Cleaner Wrasse

The cleaner wrasse (Labroides dimidiatus) does not make the best tenant for fish aquariums.

Q. I recently acquired a cleaner wrasse for my 72-gallon saltwater aquarium. The cleaner wrasse is very active at cleaning the other fish, but seems reluctant to take any form of aquarium fish food. I have tried feeding the cleaner wrasse Mysis shrimp. In most cases the Mysis shrimp would go uneaten and end up stuck to the aquarium filter’s suction tube. When I consulted with the employees at my local fish store for more advice, they recommended brine shrimp. Sadly, the brine shrimp also ended up stuck to the aquarium filter’s suction tube. Do you have any thoughts as to what the little cleaner wrasse might eat?
Royce W.

A. The cleaner wrasse (Labroides dimidiatus) does not make the best tenant for fish aquariums. While it is an active cleaner, (easily out-cleaning shrimp) its specialized dietary requirements make it unsuitable for life in the confines of a fish aquarium. The only scenarios I am aware of where the cleaner wrasse has survived long term in captivity is in cases where large public aquariums utilize them to clean larger fish. In a large fish aquarium (more than 100,000 gallons and full of fish) the cleaner wrasse can easily find enough parasites to nourish it, though in our much smaller home fish aquariums it becomes nearly impossible.

The cleaner wrasse, sometimes called the blue streak wrasse, is a very active fish that displays cleaning symbiosis with nearly any other fish species, even some as small as itself. When scuba diving we often observe the cleaner wrasse darting in and out of large groupers’ or moray eels’ mouths working to eat parasites off. The trade off is simple; the smaller wrasse gets a meal and the larger fish is groomed of annoying parasites. The cleaner wrasse relies on microscopic parasites to provide a large portion of its nutrition. As you can imagine, it takes a whole lot of tiny parasites to meet the nutritional requirements of a cleaner wrasse.

On the natural coral reef it’s realistic for the cleaner wrasse to serve hundreds of fish a day. Each of these fish is covered with dead skin and parasites, which offers the wrasse plenty to eat. In the aquarium, where there is only a handful of fish that may not be affected by parasites at all, the wrasse struggles to find something to eat. The normal outcome in this scenario is that the cleaner wrasse slowly grows thin and eventually perishes.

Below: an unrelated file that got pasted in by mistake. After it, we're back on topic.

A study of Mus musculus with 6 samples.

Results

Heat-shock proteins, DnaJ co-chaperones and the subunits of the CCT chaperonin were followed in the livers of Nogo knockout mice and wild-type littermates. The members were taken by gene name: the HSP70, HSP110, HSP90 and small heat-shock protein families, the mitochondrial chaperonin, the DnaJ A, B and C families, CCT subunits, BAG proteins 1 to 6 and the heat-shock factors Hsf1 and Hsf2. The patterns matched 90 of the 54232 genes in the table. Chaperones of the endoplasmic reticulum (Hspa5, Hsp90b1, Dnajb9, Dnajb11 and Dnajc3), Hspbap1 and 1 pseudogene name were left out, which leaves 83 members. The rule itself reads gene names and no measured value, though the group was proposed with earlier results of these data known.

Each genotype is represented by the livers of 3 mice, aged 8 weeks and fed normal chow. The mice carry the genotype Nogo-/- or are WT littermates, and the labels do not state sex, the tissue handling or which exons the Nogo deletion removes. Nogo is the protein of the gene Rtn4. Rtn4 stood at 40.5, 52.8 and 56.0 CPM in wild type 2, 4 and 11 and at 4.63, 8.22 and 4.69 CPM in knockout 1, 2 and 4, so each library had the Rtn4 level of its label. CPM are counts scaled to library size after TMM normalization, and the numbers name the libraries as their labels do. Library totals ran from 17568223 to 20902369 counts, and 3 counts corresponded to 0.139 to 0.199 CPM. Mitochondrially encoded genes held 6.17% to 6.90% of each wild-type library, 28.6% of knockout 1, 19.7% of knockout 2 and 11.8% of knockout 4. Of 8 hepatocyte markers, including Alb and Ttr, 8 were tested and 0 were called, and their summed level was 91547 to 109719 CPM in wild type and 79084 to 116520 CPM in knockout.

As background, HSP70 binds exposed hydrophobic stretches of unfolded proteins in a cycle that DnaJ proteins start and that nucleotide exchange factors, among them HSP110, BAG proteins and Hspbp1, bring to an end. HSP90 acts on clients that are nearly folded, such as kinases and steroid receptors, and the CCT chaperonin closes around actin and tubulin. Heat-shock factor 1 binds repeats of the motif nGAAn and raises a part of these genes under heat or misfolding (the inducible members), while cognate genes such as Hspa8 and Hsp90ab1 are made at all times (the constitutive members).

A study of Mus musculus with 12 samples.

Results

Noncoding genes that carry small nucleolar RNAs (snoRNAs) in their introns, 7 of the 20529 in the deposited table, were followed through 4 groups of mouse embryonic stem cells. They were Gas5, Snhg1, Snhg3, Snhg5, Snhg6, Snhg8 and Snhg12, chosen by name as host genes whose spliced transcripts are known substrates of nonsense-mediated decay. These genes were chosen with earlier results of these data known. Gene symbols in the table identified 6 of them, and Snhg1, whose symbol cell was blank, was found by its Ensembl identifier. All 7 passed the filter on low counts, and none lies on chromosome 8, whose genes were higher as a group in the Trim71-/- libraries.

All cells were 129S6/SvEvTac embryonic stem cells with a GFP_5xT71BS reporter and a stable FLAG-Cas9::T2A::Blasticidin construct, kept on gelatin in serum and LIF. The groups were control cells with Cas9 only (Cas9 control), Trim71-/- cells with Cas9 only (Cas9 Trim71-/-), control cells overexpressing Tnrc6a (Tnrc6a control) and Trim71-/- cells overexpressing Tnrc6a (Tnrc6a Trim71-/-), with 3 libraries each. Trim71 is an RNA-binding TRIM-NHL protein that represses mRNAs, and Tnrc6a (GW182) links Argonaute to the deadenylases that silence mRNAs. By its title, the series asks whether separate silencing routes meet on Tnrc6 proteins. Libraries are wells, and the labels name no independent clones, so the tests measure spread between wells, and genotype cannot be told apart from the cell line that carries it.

The Caribbean Sea offers another cleaner that is not only as effective at cleaning parasites off fish as the cleaner wrasse, but also adjusts well to home aquarium life. The tiny neon goby (Elacatinus oceanops) packs a punch in the cleaning department and also eats about any aquarium food offered. These little fish are common on Caribbean reefs and, like the cleaner wrasse, tend to be highly active when cleaning.

One thing to remember when purchasing a cleaner wrasse or neon goby is that it can present an ethical concern. Whenever a cleaner organism is removed from the coral reef it leaves a once-serviced area unattended. Studies have shown that in these cases some fish perish because they lack the cleaning services that they once had. When examining this theory one can’t help but wonder if it’s not better to keep our fish parasite-free via quarantine and careful introduction rather than relying on cleaner organisms to do it.

But, with all of this said, I have seen cases where the cleaner wrasse will accept Mysis shrimp, or some other form of frozen food that looks alive when in the water current. I would recommend trying CYCLOP-EEZE, as that’s a food source that even picky eaters like Mandarinfish (Pterosynchiropus splendidus) will sometimes accept.

Also, in addition to the feeding issues of the cleaner wrasse, they are great jumpers. I would recommend keeping the aquarium totally covered at all times. I have heard reports of these fish going missing from the aquarium only to be found days later halfway across the room.